Omega (Doctor Who) Audio CD – Audiobook, 1 Aug 2003
"Its motto is 'We don't go into history, we prefer to bring history to you'.
"When Omega's ship suddenly materialises in front of their shuttle, and one of their employees goes insane and tries to destroy his hands...
"...suddenly it's not just a motto anymore.
"And Omega - and his madness - is closer than they think."
"Omega", by Nev Fountain, is the first of Big Finish's "Villains" trilogy released in 2003 to mark the 40th anniversary of "Doctor Who" and the run-up to Big Finish's 50th regular release, "Zagreus". Like the other "Villains" stories, "Davros" and "Master", "Omega" is a companionless story. Although the story follows directly on from the televised story "Arc of Infinity", the absence of Nyssa and Tegan is never really explained.
Ian Collier of "Arc of Infinity" returns to play the voice of Omega in this curious four part story. The story pits Peter Davison's Doctor against the ghost of his recent nemesis Omega, who has apparently reformed, fallen in love and now just wants a return ticket for he and his bride-to-be to Omega's own antimatter universe: a journey that the Doctor intends to help him accomplish. Unfortunately, in the midst of all of this, the employees of 'Jolly Chronolidays' are beginning to go mad and people are starting to die.
The story rambles on in this slightly undramatic context for some time and, expecting more from this much vaunted set of releases, I was preparing to rate the story a disappointing three stars. However, episode three builds up to a stunning revelation that puts a whole new perspective on everything that has gone before (that is, if you know the television series well enough to understand what's going on). It salvages the story and makes "Omega" a definite "must listen twice" story.
The performances are on the nail, particularly Peter Davison's. Ian Collier is entertaining as Omega and mixes moments of madness with a world-weary lugubriousness to good effect. Meanwhile, the supporting cast are played well as characters just as ineffectual and feeble-minded as writer Nev Fountain intended them to be. Overall, "Omega" is an enjoyable enough play that is entirely made by its clever third episode.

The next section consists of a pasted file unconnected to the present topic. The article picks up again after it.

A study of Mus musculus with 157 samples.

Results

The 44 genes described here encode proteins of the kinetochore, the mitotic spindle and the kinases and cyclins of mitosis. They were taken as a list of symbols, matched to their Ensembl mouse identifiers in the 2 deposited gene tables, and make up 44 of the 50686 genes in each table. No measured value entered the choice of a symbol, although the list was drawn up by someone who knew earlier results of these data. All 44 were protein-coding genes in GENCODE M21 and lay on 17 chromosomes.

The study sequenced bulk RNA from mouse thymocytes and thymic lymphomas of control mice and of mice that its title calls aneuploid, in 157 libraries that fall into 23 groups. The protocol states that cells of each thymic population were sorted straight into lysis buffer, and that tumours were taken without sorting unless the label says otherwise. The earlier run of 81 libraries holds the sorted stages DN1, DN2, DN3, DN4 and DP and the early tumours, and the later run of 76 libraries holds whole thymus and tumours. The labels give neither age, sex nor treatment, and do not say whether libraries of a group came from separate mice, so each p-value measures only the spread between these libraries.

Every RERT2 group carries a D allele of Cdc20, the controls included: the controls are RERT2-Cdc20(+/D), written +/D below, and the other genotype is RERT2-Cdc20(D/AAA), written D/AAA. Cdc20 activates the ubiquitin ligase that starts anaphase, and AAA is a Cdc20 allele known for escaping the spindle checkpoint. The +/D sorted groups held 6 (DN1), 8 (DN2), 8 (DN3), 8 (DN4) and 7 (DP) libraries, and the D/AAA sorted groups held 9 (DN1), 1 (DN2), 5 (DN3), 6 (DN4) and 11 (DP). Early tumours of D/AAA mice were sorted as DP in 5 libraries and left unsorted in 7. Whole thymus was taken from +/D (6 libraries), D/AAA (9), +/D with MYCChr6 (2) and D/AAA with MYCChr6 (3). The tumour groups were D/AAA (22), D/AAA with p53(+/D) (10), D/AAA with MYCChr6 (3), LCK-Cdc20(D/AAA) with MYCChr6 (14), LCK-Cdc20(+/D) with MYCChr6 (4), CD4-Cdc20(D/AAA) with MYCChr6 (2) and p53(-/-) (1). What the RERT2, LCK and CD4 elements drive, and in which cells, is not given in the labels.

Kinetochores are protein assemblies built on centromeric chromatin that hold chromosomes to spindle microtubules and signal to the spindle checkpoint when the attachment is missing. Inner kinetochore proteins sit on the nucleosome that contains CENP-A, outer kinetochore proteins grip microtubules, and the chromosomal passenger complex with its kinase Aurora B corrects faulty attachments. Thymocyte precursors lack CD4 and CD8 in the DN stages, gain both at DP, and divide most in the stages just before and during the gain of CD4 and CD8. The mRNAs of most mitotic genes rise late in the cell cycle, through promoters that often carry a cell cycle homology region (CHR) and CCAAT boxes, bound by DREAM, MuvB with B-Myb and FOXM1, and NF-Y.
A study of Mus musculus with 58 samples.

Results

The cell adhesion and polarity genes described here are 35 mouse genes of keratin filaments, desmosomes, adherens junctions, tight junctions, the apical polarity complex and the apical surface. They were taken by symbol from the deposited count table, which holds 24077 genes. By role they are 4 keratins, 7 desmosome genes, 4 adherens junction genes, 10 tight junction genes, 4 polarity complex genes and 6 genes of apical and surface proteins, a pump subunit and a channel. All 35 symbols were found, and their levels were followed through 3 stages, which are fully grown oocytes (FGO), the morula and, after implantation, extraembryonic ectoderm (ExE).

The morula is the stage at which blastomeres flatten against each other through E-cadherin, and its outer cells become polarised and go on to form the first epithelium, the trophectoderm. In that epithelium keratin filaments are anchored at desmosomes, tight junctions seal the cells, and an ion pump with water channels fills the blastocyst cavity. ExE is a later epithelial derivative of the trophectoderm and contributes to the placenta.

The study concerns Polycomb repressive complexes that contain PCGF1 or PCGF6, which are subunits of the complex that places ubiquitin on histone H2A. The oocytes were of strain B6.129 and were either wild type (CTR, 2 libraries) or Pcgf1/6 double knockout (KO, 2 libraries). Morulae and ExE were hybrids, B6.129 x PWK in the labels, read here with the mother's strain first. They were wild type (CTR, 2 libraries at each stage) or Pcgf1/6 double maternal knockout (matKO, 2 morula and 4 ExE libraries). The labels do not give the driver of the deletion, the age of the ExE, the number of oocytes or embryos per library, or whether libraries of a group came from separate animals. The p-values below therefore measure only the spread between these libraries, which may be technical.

"Jolly Chronolidays" delivers elderly tourists to areas of great historic interest throughout the universe and their latest venture is to where Omega first used the stellar manipulator to create the black hole from which all time travel originally derives, the "sector of forgotten souls." The Doc ( is on board, as well as a couple of actors ( and a bus load of tourists. I had predicted what was to happen next, (surely Omega will reappear and try to destroy the universe) but spectacularly Nev Fountain flips everything on its head and delivers a spellbinding story gripping from start to finish. The layers of psionic energy in the sector means nobody's ever quite sure who every one else is and the looming shadow of Omega himself is never far from the Doctor's thoughts. Just what is going on? Why is the actor playing Vandokeirion threatening to cut off his hands and calling himself "the conscience of the universe?" Why is the stewardess Sentia so driven to entering the black hole? IS Omega actually present or is it just madness...on everyone's part?
I was very impressed with this story.
'Omega' came as the first of three homages to past villains in the run up to the 40th anniversary behemoth that was 'Zagreus' and was the most surprising as well as the most entertaining. It is also downright barking and features one of the most jaw-dropping end-of-episode cliffhangers ever. The last part is admittedly far too long (it is in truth a five part story, not a four parter), over-indulging its task of expanding on the past. Yet, as a couple of hours of audio entertainment for anyone saturated in the Who universe, 'Omega' is hard to beat. There is a great support cast, the music and sound design are top notch and Peter Davison is at his very best. It is, moreover, often extremely funny.
Though I've only given 'Omega' four stars, it is nonetheless one of a select group of stories from Big Finish's monthly Doctor Who range that I would not willingly be without. (See also: 'Phantasmagoria', 'The Church and the Crown', 'The Kingmaker', 'Year of the Pig', 'Magic Mousetrap', the six stories of 'Season 2002', 'Zagreus', the four stories of 'Season 2004', 'Other Lives' and 'Memory Lane'.) But be warned: if you're not at least partially aware of the two Omega stories on TV, you will miss a lot of the what the story's about. Great though 'Omega' is, it is unshamedly fan-centric.